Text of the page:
September 4, 2012
The Olive Tree Initiative had the great honor meet with some of the best known United States policy makers, civil society leaders, and government officials involved in the Israeli-Palestinian conflict during a two-day stay in the capitol.
The U.S. plays a vital role in advancing a political resolution to the conflict through mediation, persuasion and providing necessary incentives for both sides to come to the negotiating table.
Listening to speakers lend their thoughts, reflections and proposals in ensuring America’s role is done in the best faith has left us with many ideas and insights to bring to the Middle East.
The Olive Tree Initiative’s first meeting was held with the director of curriculum at the U.S. Institute of Peace, Jeff Helsing.
Helsing spoke about preparing psychologically for a trip to the region by emphasizing active listening and framing our journey as a mission to weigh both sides rather than use encounters to reinforce our current convictions.
Robert Malley, a former White House advisor and a prominent American negotiator during the 2000 Camp David Accords, outlined the lessons he learned from the Camp David talks.
Malley emphasized that the U.S. must play an effective, honest role whereby it can pressure and/ or coax the parties; he added that past perceptions of bias prevents the US from playing such an effective part.
Malley said Arab support in the negotiations is necessary for their success and that the U.S. must propose collaborative and compromise-oriented solutions.
On the Iranian nuclear issue, Malley spoke of the merits of choosing a containment-focused rather than a preventive approach. Containment, he said, would mean Iran could enrich some uranium under strict monitoring for civilian use. This leeway might entice Iran to comprise more readily.
Malley said he also felt Palestinian President Mahmoud Abbas’ decision to appeal to the United Nations for Palestinian statehood indicated his frustration with his limited options.
Ghaith Al-Omari and David Makovsky
Ghaith Al-Omari and David Makovsky have both been parties to high-level negotiations in the peace process, and currently work together to promote civil discourse between opposing viewpoints.
The two spoke primarily on prospects for continuing the peace process.
Though Al-Omari and Makovsky come from different sides of the conflict, both noted the stagnation of the peace process and that creative thinking will be necessary to reach a solution.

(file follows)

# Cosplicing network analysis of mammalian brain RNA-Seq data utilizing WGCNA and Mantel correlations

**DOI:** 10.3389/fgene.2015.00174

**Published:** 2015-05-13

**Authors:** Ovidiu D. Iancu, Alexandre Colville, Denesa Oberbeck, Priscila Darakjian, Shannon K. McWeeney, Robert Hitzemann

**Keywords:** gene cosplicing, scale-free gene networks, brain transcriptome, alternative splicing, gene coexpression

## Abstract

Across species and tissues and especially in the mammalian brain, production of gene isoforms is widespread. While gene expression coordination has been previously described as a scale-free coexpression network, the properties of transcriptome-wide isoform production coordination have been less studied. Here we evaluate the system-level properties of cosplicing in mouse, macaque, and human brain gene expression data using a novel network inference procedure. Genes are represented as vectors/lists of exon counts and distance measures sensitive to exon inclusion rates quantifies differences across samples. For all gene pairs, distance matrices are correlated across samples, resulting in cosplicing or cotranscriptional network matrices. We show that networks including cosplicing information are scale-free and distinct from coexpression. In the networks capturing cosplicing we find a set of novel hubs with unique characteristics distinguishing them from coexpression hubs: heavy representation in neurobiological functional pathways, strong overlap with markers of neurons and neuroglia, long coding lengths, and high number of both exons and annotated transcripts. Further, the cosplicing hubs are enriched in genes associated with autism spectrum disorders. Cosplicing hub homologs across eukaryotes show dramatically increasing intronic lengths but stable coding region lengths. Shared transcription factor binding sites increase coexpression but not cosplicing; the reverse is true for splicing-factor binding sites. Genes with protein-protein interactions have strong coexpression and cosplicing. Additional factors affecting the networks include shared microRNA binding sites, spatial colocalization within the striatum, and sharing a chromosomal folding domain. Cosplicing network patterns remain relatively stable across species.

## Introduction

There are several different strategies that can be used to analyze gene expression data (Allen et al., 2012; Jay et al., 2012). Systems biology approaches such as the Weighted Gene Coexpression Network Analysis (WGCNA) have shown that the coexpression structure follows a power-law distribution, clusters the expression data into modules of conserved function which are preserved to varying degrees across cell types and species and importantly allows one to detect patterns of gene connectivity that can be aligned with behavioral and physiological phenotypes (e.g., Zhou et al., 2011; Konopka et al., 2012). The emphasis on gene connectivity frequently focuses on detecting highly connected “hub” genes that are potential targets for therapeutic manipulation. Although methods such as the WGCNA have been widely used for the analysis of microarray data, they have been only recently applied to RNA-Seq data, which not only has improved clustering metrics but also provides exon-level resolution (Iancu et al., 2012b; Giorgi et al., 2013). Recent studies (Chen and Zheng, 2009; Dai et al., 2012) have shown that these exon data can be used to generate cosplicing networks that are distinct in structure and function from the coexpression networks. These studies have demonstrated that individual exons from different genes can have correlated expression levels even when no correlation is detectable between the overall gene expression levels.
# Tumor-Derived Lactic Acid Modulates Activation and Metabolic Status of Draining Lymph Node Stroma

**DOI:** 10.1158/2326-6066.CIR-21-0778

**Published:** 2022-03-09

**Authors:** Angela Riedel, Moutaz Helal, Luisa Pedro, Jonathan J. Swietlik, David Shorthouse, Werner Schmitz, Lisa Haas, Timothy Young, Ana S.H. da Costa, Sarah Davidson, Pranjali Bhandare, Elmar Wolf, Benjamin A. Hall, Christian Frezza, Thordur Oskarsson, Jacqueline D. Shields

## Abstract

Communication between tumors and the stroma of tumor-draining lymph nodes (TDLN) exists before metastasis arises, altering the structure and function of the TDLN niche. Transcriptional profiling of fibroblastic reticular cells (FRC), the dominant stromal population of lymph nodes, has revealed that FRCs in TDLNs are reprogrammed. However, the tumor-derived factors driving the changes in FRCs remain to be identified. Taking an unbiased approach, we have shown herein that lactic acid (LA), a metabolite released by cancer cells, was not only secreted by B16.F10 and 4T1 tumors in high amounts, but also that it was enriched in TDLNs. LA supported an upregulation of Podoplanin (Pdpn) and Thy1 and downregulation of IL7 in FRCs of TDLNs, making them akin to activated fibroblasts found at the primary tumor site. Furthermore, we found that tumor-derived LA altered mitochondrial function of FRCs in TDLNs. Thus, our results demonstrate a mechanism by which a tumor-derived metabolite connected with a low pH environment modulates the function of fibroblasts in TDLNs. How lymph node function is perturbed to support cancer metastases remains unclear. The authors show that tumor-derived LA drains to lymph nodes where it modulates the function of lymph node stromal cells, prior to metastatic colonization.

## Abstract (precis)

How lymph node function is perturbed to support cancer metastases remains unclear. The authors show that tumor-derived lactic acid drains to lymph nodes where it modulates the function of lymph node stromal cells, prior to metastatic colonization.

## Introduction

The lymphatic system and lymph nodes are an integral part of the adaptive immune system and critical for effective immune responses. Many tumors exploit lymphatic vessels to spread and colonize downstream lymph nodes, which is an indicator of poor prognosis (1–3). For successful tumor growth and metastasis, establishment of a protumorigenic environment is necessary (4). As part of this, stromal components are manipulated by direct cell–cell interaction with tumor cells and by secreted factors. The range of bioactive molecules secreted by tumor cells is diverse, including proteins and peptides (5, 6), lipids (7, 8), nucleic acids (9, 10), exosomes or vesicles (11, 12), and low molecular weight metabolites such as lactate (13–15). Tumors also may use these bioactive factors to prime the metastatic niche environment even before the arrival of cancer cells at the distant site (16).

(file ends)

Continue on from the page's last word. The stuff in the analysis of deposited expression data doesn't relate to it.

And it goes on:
On more specific points, Makovsky responded to questions on three maps of the region he proposed for the establishment of two-state borders and land swaps.
Al-Omari and Makovsky said that although they may hold specific ideas for reaching an agreement, neither are wedded to one particular solution and only want to help provide a “menu of options” for the leaders and people of the conflict.
Acclaimed American negotiator and former ambassador, Dennis Ross, who recently served under the Obama administration, spoke with the Olive Tree Initiative of his career and manners in which to reach a viable solution to the conflict.
Ross reiterated several times the need to be steadfast in one’s optimism that an agreeable resolution can be found, especially in a line of work often met by many disappointments.
Ross also presented his 14-step plan to an Israeli-Palestinian peace, which would seek to bolster confidence on both sides in preparation to discuss a final status agreement.
When asked about how he would explain the allegations of pro-Israel bias against him, Ross responded that individuals on both sides have expressed their frustration with him, but that the allegations were the result of his honesty to both sides.
Hannah Rosenthal and Farrah Padith
Among the final speakers of the day were Hannah Rosenthal and Farrah Padith of the United States Department of State.
Rosenthal’s work centers on identifying and combating anti-Semitism, while Padith operates programs to reach out and build partnerships with Muslim youth around the world.
The two spoke primarily on a project they started last year, Hours Against Hate, which asks individuals to donate time to look at an issue from someone else’s perspective. Volunteers use this time to do all kinds of things – from making sandwiches to combat hunger to practicing dance.